Drawing Paths on the Sierpinski Carpet
The Sierpinski carpet  is a well-known hierarchical decomposition of the square plane tiling associated with , that is, pairs of integers. Consider the Sierpinski graph , which is the adjacency graph of (the complement of in ), where is one of the hierarchical subsets of . Gray squares are used to depict the intersection of with a subset of . The replacement rule construction affirmatively answers the question, is it possible to draw a Hamiltonian cycle on the Sierpinski graph? . The combinatorial ambiguity of the replacement rules defined here suggests the existence of a rich collection of valid Hamiltonian cycles, as yet unexplored (see Details). The challenge is to find your own coloring of the replacement rules that may ultimately determine a unique traversal of the Sierpinski carpet.
This Demonstration gives a set of replacement rules, which are maps from the pre-image of one tile to a replacement image consisting of exactly nine tiles arranged in a larger square. Rules are specified up to rotation by some multiple of , except when such a rotation would lead to contradictory definitions. Circled tiles in the third row are relatively unimportant with measure zero in a patch as . The circled tiles only appear in the system so that the path can take the form of a cycle, that is, a curve with the topology of a circle's perimeter.
Replacement images have some ambiguity because the tiles are blank but need a color to be well defined. There are many tiles to color, which implies a vast space of possibilities. If we color just the 10 rules that are not circled, we get
possibilities. This is clearly too many to analyze or search. Up to rotation and reflection, we have three distinct "turn" tiles and two distinct "through" tiles. If we color by symmetry, then the total number of possibilities reduces to
Again, a set of this size is clearly too large to search or analyze. Fortunately, not all of these possibilities will lead to a continuous path through the Sierpinski carpet, so the actual number of valid solutions is much smaller.
The one positive result presented here is exceedingly instructive because it uses a simple coloring scheme, where a tile at is either blue or red depending on the divisibility of the sum by 2. This color scheme can be created by applying the color-only replacement rule in this Demonstration. Pairs of input/output ports on each replacement image fall in one of eight locations around the perimeter. These eight locations divide naturally into left and right subsets of cardinality four. Then all red (blue) tiles have I/O ports from the right (left) subset. Restricting to just the red and blue tiles, wherever the path crosses between two tiles, the color of the tiles must alternate between red and blue. The even/odd coloring is guaranteed to satisfy this condition, so the path is a valid solution, that is, continuous at every level of recursion.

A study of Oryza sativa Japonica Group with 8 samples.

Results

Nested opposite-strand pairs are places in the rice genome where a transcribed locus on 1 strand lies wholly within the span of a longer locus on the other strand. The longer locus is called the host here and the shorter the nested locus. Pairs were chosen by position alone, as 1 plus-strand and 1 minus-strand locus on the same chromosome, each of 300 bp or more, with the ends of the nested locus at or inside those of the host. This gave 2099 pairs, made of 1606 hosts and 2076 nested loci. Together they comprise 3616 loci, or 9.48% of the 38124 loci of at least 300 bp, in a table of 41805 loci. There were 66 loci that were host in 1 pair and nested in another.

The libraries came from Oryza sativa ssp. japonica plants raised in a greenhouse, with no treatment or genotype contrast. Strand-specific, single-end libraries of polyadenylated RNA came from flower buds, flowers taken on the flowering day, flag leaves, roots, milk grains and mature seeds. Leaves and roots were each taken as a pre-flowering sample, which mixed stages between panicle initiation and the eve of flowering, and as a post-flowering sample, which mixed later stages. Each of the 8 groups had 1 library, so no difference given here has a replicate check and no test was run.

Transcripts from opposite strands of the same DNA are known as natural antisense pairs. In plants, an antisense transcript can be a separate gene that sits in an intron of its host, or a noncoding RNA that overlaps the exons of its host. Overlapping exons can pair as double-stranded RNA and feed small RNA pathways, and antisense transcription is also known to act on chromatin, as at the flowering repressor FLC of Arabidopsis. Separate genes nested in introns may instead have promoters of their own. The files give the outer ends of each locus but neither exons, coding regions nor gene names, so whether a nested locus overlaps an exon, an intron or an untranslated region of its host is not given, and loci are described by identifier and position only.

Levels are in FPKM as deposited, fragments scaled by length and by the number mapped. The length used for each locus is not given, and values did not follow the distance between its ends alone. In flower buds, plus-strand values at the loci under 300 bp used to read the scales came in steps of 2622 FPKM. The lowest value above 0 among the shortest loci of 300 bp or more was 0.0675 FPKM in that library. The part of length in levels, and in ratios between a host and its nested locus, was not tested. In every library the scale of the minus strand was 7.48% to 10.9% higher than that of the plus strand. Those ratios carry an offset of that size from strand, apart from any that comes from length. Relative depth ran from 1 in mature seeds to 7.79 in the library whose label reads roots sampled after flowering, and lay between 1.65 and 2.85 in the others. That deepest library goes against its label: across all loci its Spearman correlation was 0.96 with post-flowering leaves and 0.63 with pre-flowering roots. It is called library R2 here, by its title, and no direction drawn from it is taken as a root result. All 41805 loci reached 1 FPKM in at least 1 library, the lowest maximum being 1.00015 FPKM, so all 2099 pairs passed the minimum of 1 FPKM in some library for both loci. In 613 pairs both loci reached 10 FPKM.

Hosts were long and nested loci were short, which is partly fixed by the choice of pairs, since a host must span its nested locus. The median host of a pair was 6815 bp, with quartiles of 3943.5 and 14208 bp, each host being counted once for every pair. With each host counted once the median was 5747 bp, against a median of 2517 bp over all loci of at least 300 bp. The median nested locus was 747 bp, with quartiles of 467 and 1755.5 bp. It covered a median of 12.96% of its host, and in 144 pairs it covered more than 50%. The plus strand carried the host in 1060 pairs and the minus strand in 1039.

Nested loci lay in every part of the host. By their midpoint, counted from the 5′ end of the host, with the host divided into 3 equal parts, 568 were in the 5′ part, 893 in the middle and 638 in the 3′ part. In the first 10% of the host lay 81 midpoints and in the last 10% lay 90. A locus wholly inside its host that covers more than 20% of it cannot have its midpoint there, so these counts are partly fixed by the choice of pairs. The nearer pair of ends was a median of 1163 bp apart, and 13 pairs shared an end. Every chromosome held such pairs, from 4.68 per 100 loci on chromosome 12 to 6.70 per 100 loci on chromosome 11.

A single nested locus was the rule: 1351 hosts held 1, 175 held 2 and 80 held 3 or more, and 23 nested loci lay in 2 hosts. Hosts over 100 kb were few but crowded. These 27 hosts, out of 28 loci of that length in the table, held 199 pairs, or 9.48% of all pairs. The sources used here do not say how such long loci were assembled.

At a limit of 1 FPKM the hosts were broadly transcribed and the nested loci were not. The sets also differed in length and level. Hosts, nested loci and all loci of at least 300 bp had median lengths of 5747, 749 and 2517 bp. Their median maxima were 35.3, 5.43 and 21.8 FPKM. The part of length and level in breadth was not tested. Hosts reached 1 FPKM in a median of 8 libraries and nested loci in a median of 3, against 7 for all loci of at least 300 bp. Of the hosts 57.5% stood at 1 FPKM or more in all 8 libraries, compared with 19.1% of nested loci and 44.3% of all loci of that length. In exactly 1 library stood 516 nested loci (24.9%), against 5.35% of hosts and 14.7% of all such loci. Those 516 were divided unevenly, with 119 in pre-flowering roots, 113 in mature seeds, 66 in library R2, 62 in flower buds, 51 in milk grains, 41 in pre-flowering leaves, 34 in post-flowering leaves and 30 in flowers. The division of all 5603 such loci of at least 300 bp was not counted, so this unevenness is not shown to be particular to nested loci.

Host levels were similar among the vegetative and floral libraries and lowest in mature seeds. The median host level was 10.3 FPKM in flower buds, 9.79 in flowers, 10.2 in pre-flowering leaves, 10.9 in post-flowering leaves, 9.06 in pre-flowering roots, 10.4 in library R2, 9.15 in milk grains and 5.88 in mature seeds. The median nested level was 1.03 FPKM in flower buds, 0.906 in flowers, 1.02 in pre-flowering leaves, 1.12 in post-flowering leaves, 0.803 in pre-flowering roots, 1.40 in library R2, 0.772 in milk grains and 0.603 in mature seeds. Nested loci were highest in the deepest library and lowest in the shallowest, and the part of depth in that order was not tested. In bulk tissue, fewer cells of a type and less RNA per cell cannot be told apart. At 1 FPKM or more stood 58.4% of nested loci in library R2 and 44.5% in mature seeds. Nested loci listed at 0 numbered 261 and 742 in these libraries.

We could go to a coding system based on edge markings rather than colors, and assign to each tile edge touched by the path a parity number 0 or 1, which determines if it belongs to the left or right subset upon replacement. The interior of every replacement image has exactly six crossings to set, and we treat exterior crossings on all tiles alike. Assigning one of four possibilities to exterior crossings, we arrive at a much reduced count
About four billion rule systems should lead to a valid Hamiltonian cycle, but before enumeration and exploration, it is difficult to say just how many of these systems would be unique.
To get going on enumeration, a suggested first step is to make an atlas of all possible adjacencies in the coloring system. Alternatively, it may be better to draw a new set of tiles (with arrows along the edges?) that more closely follows the minimal coding scheme. In such a system, it may be possible to avoid the necessity of a complicated adjacency atlas.
 R. W. Fathauer, "Fractal Gaskets: Reptiles, Hamiltonian Cycles, and Spatial Development," in Bridges Finland: Mathematics, Music, Art, Architecture, Education, Culture (Bridges Finland 2016), Jyväskylä, Finland (E. Torrence, B. Torrence, C. H. Séquin, D. McKenna, K. Fenyvesi and R. Sarhangi, eds.), Phoenix: Tessellations Publishing, 2016 pp. 217–224. archive.bridgesmathart.org/2016/bridges2016-217.pdf.